VERY FINE APPEARANCE. ONE OF ONLY TWO RECORDED COVERS WITH THREE AMERICAN LETTER MAIL COMPANY SMALL EAGLE STAMPS.
The census of 5L1 covers maintained by John Bowman contains only one other cover with more than two stamps -- the other franked with a pair and a single. We have offered fewer than ten covers bearing even two stamps (nearly all pairs). This is a very rare triple-rate franking,
With 2010 P.F. certificate
VERY FINE APPEARANCE. ONE OF THE LARGEST SURVIVING MULTIPLES OF THE BROADWAY POST OFFICE STAMP. AN OUTSTANDING EXHIBITION ITEM.
The largest recorded block -- the ex-Jarrett block of 32 -- was divided into eight blocks of four (confirmed by photo). The next largest multiple is the block of 25 offered from the Siegel sale of the D.K. Collection (Sale 862, lot 66), which was found in a desk during the early 1900's and reported in 1955 by Marie F. Craig, who received the block from her uncle.
Ex Lilly, Boker, Golden and D.K. Collection. Scott Retail as two blocks of four, a pair and a single
FINE. THIS IS THE ONLY RECORDED UNUSED EXAMPLE OF THE CALIFORNIA CITY LETTER EXPRESS STAMP AVAILABLE TO COLLECTORS.
Our records contain five examples of the Red 33L1 stamp. Two additional Type I stamps in black-and-white photos cannot be identified by color. One 33L1 (cut to shape) is contained in the British Library's Tapling collection. Of the four confirmed 33L1's available to collectors, two are used alone on separate covers addressed to Lieut. Col. J. H. Stearns in San Francisco (one ex Middendorf and Geisler, the other ex Wiltsee). The third is an uncancelled stamp off cover (ex Lilly, the example offered here). The fourth is used on cover with a U.S. 10c stamp (ex Lichtenstein, Caspary, Golden and Lyons).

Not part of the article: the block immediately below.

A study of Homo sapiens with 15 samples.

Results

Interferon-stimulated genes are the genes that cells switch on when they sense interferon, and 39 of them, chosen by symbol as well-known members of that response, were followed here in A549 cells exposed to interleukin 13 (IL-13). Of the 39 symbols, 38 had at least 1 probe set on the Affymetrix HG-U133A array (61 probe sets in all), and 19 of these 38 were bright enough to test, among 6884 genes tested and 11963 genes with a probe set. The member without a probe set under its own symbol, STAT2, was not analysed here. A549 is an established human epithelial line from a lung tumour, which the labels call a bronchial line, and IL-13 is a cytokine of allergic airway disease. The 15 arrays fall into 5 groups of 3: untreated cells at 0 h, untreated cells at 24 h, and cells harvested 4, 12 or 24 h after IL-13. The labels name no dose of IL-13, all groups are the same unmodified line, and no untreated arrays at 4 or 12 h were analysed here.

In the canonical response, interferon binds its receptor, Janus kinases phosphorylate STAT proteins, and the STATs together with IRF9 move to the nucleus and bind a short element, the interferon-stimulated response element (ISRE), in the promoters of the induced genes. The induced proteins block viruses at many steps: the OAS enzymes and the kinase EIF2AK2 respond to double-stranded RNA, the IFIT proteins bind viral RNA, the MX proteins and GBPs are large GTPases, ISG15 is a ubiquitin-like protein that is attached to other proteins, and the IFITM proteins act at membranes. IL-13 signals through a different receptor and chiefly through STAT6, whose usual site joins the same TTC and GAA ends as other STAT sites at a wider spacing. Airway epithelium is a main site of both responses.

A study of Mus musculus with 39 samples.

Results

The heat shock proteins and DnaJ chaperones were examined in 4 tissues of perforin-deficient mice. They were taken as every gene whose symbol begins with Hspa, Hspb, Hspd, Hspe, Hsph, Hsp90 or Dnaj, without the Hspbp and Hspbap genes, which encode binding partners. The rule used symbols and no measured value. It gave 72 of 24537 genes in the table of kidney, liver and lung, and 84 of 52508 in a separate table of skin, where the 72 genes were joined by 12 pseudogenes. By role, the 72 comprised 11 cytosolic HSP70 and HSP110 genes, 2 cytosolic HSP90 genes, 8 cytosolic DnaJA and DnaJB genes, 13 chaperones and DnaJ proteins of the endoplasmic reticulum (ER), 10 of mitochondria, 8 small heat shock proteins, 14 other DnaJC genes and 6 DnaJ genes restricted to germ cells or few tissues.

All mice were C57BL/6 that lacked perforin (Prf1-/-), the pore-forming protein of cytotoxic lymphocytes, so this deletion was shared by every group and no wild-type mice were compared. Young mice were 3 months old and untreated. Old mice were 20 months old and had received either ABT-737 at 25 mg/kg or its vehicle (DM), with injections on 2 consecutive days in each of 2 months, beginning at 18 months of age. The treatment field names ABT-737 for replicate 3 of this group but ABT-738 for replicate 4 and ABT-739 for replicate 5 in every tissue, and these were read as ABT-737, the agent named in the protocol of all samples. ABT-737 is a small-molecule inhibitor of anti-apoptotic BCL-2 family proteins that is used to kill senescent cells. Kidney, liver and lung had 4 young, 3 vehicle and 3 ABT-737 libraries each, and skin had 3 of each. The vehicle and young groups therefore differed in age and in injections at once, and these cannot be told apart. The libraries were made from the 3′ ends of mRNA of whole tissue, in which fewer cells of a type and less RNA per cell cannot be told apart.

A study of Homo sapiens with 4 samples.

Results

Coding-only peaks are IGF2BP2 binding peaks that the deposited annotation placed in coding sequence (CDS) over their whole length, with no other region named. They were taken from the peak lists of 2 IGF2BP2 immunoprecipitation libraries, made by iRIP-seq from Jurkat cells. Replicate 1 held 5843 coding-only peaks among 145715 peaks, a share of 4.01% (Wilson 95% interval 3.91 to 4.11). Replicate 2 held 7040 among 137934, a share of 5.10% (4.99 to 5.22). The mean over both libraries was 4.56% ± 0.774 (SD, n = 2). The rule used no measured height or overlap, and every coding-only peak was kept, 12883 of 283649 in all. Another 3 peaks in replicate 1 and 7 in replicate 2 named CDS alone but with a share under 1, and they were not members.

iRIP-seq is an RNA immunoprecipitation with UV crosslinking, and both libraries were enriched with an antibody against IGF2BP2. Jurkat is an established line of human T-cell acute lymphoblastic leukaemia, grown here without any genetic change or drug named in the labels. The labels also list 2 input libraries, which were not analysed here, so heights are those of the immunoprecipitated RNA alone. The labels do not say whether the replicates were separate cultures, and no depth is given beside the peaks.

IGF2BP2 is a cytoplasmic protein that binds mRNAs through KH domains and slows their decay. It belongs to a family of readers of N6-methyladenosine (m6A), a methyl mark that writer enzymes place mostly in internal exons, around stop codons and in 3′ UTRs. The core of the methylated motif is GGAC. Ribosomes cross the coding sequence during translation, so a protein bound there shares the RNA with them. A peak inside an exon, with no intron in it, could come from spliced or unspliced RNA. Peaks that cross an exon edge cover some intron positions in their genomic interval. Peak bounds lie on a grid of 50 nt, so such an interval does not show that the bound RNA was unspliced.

VERY FINE COVER BEARING THE RARE KIDDER'S CITY EXPRESS "HORSE & RIDER" STAMP.
John T. Boyd discontinued his Brooklyn post on June 30, 1845, when the new postal laws made it illegal for private companies to carry mail along postal routes -- in Boyd's case, between Brooklyn and New York City. Elliott Perry suggested that Boyd's Brooklyn agent was Wellington Walton, who is listed in the 1846 city directory as an "express proprietor" at 195 Gold Street in Brooklyn. Walton & Co. City Express covers are dated as early as February 14, 1846, leaving a seven-month gap between Boyd's discontinuance and Walton's successor post -- possibly Walton did not start up until the next Valentine season. In early 1847, Walton sold out to Henry Kidder, whose "Kidder's Brooklyn City Express Post" oval handstamp is recorded as early as Mar. 11, 1847 (reference: Calvet M. Hahn, "Brooklyn City Post 1850's"). Kidder operated the post with the help of Isaac and George Snedeker, who were brothers. Kidder sold out to the Snedeckers in 1851, and the post continued under their ownership until 1854 when it was sold to others.
The Kidder's 93L1 stamp was issued during Kidder's ownership and used after the Snedekers acquired ownership. It is believed that the first Brooklyn City Express Post stamp (28L5) was issued by the Snedekers. Beginning about 1850, the Kidder's stamps were initialed "IS" (sometimes "YS") for Isaac Snedeker. The initials were applied to sheets before use and are not cancellations. (Reference: Donald S. Patton, The Private Posts of the United States, pp. 265-268).